Wednesday, September 22, 2004

couple days later

not much has changed with the situation with the disgruntled person (i´ve been out of communication).

Lately - besides my grandfather - I've been mostly thinking about my next project with the engineering anomalies lab at Princeton (PEAR). Last thursday (or friday?) I responded to a post about possibilities for interpretations of this reality. Even though i would consider myself spiritual, and believe in the transcendental, I was depressingly negative about the possibilities of reshaping this world through conscious intervention (the intervention of consciousness). I've been rebuking myself for that since then... I think I was egged on by the part of me that is always checking how skeptics would perceive what I'm talking about. Of course, the skeptics in this situation = the scientific community. My personal interactions are not limited to my (soon to be) doctor cousin, and my clinical psychologist cousins, but they have been somewhat dismissive of my interest in the PEAR lab's research. That depresses me a bit. We're usually pretty tight, but I kinda feel like I can't talk to them about this interest.

Communication... How to talk to a skeptic, so that they think you're sane? Same issue i think i've been dealing with in the race doc: how to talk to white people without bringing out a reflexive defensiveness?

Other stuff on my mind:
Re: death.
When I picked up my aunt at the airport Monday night, I started talking about how the hardest part is putting on the "bereaved" face when old church ladies show up at the door. I have no connection to these ladies. they belonged to the church that my grandparents have stopped going to in recent years (of which they were once very active members). They also have almost no connection to the reality of GP's (my grandfather's) situation over the past few years. When they show up and say nice things about him, it upsets my grandmother because she starts thinking, "why didn't they tell me this earlier?" "why didn't I see that side of him?" "why didn't I appreciate him more?". The question, "why didn't they visit in the last eight years he's been sick?" has also come up, but that's kind of bitter, and you kind of have to respect the good church ladies for fitting in with the culture. Dead man in church bulletin = buy a ham and drop it off.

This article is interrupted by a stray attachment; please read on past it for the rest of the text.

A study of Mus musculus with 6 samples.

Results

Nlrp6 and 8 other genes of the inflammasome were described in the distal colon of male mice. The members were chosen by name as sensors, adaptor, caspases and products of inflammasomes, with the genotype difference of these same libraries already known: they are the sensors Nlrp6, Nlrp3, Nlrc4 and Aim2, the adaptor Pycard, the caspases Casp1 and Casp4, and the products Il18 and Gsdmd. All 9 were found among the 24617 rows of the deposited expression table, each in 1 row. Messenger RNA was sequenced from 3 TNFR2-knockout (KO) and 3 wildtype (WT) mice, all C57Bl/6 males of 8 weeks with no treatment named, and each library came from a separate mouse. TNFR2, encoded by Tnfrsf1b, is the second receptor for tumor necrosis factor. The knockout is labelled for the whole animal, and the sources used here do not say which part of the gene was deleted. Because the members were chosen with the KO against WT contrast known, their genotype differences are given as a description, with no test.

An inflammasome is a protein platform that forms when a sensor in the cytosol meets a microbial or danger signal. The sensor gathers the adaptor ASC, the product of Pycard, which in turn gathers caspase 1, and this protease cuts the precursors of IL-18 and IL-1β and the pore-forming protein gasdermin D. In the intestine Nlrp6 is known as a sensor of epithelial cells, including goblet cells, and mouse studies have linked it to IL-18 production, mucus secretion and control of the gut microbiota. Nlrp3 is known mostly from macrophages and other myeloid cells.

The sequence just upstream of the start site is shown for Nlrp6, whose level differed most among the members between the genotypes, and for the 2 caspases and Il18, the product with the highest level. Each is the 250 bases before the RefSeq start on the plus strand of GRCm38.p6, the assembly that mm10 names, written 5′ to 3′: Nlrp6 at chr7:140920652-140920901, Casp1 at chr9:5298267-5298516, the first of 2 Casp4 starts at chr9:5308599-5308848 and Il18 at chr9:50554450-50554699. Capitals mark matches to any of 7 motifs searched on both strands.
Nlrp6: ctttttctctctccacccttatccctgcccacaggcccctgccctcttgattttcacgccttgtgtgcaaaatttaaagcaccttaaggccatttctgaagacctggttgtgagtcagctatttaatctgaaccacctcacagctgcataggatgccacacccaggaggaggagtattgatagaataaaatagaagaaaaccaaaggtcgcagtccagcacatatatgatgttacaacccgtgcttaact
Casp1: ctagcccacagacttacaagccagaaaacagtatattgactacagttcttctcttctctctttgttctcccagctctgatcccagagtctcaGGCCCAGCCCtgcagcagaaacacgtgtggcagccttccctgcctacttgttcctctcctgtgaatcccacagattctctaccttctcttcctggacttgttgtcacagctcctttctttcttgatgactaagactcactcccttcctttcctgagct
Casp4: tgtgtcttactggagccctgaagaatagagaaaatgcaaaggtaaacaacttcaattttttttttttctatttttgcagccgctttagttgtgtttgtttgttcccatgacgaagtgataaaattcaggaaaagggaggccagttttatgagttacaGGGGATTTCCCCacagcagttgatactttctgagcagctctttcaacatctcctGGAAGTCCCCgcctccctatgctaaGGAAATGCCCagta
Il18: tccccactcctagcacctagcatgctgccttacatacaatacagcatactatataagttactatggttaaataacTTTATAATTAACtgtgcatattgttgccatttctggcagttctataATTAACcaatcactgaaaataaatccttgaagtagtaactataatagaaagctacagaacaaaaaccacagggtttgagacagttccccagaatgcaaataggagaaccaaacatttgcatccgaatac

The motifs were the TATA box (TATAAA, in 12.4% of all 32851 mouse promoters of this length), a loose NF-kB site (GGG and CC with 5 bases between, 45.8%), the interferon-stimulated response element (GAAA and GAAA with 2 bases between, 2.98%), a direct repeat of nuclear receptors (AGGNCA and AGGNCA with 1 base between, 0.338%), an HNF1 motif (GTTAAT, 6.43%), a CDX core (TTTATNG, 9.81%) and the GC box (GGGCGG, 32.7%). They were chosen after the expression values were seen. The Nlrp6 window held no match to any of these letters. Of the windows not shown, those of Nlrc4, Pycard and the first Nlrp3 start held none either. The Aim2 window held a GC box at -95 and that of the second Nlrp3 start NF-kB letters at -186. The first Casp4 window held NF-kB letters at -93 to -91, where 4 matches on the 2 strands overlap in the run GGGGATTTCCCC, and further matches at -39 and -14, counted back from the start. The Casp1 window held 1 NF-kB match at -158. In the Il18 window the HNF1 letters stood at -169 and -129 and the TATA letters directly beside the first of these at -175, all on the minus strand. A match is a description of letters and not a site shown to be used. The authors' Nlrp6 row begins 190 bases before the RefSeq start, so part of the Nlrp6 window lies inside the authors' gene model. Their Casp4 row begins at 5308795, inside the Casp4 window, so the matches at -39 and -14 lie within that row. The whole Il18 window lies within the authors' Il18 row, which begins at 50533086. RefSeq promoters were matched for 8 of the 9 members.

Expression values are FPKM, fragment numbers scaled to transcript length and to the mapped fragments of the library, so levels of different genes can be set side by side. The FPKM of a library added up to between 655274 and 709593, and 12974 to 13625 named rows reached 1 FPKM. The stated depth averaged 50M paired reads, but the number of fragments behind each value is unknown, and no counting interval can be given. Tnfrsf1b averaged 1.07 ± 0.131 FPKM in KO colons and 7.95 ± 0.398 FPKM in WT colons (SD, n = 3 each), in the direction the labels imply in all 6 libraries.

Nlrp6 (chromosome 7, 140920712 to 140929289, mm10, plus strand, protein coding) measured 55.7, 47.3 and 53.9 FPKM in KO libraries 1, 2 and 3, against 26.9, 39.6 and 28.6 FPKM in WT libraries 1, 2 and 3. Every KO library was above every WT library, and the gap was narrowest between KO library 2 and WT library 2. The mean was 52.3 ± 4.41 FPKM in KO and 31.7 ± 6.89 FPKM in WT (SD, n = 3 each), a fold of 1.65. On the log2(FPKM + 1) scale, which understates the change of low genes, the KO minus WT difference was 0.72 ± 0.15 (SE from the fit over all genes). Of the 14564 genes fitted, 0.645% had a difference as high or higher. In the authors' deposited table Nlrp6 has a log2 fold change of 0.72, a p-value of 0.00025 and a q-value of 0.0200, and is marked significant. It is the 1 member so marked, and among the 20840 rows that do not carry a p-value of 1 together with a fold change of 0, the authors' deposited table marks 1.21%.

My job in answering the door on Monday was to make them feel appreciated while accepting the ham graciously. Only later, as more southern meats kept pouring in did we decide to mention (to the people who called first) that much of the family is vegetarian. I mean, on top of the end of an era, there's no point in wasting food, right?

Anyhow, with my aunt on Monday, I was joking about all the hams and the face changes for the public. We've actually been quite jovial, looking at pictures of GP in his better years, watching the Super8s he shot, etc. Last night this upset my sister a bit. She thinks Grancie might want a little more space to be grieving.

From my perspective, we've all been coming to terms with GP's absence for the last 8 years, and now this chapter is simply closed. To me, Grancie seems saddest about what to do next, weather or not she could have been nicer, but nobody wishes he could still be lying in his bed in pain. It's moving on time (i.e. laughter is good), and the reality is we all have already gradually moved on from the active healthy funny wonderful GP that was around a decade ago.